Many business leaders find it hard to think about relationship management when things go well, and often expect the relationships they’ve established to continue at a steady pace. Whether due to inaction, chance, or poor planning, however, once-strong relationships can end up in jeopardy almost without warning. What distinguishes an okay business from a great one, then, is maintaining a healthy relationship with your fans even when something goes wrong.
Check out these examples of relationship management crises from years past. Some provide nearly a how-to manual for good customer relationship management, while others prove that slow action can lead to a loss of goodwill that may have taken years to build. Trust is something that you should not take lightly with your contacts, and maintaining it should be a top priority in any relationship management strategy.
British Petroleum: Deepwater Oil Spill
In 2010, British Petroleum experienced a massive oil spill at a rig owned by drilling contractor Transocean. The organization’s response to the oil spill left many of their stakeholders feeling that the company had been disingenuous in past environmental efforts. PR experts criticized the company for its “impersonal” and “tone-deaf” messages, both regarding personal concerns in the Gulf and its own declining stock price. The company also initially tried to deflect responsibility entirely onto Transocean, drawing further criticism.
The long-term results of the crisis, however, were minimal. The company’s overall sales to their clients were barely harmed by the crisis, as BP primarily sells to a wide range of other companies, rather than directly to the consumers who felt BP had done wrong.
BP’s handling of its spill teaches anyone involved in relationship management one thing: take responsibility. Whether a product performs under par or a department totally ignores a major segment of your market, own your mistakes. Your customers will appreciate the honesty, especially if you put effort into making things right.
Electronic Arts: Criticized as the Worst Company in America
Minor relationship management issues, if left unattended, can compound on themselves. In 2012, video game manufacturer Electronic Arts earned the dubious distinction of being voted the so-called “Worst Company in America,” beating out other unpopular names like Bank of America, Comcast, and Chase. Those pushing EA to its victory had many complaints, ranging from an unsatisfying conclusion to one of the company’s long-running franchises to predatory digital rights management practices.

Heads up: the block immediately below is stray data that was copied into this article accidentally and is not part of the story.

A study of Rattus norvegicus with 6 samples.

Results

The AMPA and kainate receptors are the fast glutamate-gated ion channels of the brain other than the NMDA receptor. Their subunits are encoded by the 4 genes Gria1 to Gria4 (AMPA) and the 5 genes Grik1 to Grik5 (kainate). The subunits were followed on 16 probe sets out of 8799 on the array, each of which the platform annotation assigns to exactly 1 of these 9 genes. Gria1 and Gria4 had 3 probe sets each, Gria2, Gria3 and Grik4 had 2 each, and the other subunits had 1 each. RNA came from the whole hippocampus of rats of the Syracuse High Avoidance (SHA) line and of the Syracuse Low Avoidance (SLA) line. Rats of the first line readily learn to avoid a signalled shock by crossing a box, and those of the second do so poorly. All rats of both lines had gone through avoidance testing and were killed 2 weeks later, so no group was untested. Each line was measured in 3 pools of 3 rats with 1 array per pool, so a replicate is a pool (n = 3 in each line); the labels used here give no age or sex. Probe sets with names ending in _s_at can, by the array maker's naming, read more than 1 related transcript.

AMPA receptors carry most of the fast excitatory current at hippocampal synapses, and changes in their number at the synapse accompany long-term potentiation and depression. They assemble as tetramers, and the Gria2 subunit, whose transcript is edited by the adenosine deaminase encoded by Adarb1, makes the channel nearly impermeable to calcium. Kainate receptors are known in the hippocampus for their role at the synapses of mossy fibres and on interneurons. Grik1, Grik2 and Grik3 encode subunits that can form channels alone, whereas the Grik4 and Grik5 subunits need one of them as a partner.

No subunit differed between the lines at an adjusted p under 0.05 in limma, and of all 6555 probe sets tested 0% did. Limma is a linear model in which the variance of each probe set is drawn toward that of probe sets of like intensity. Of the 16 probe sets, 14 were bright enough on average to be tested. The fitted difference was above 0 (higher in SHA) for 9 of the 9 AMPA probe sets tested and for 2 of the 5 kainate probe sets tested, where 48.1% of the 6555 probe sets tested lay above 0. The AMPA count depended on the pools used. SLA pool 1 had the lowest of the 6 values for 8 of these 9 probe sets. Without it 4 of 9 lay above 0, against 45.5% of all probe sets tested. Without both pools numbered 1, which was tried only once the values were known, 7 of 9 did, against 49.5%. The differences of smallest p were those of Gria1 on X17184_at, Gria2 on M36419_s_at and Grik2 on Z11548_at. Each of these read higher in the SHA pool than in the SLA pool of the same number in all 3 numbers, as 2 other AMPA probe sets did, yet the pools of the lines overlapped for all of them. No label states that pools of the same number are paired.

While EA did make efforts to address some of these complaints through modifications and downloadable content for the company’s products, their customers and industry critics saw these efforts as too little, too late, and new EA products continued to have the same issues. As a result, EA earned a second “Worst Company in America” designation the following year.
Despite its numerous beloved franchises, EA couldn’t maintain its customers’ faith, and its image has suffered for it. The lesson here is straightforward enough: listen to customers, respond to them in a thoughtful manner, and stick with changes. Telling a sales lead you’ll develop a solution and not following through or dismissing the concerns of longtime customers can, over time, cost you both old and new business.
Pepsi: Foreign Objects
Sometimes, a crisis comes entirely from external forces. In the early 1990s, a pair of Washington state residents left a can of Diet Pepsi out overnight, and upon returning to the drink, found a syringe inside. After making a call to their lawyer, who in turn notified the media and the authorities, Pepsi found itself with a tampering scandal on its hands. Foreign objects, over the course of the following weeks, were reported in Pepsi cans across the country.
Pepsi responded quickly, working with the FDA to determine the ideal course of action and increasing the media presence of their bottling companies in affected regions. The company pursued an aggressive crisis management strategy, emphasizing the impossibility of tampering during the canning process and the potential punishments for false tampering claims. Within the month, security camera footage at individual retailers had caught tamperers, and while revenues dipped in the short term, Pepsi has continued to enjoy high sales since.
Pepsi’s success in handling the crisis illustrates a major lesson in relationship management: stay ahead of the crisis. If an order for a major client proves impossible to fulfill on the timetable originally set, let them know as soon as you see the problem. If your new product line encounters a major delay in development, tell your customers. Similarly, if you can find ways to build their confidence in your overall brand while doing so, put those into play.
What experiences have you had?
Even if you don’t foresee any major disasters in your company’s future, spend a little time considering what potential issues could arise, and how you’d respond to them. Create a contingency plan just in case. Strong leadership in times of crisis can make or break a company. If you’re looking for other ways to improve your communication skills, you might be interested on the essentials of following up with sales leads. If you’ve experienced stressful situations where quick thinking averted a social media or public relationships disaster, let us know in the comments!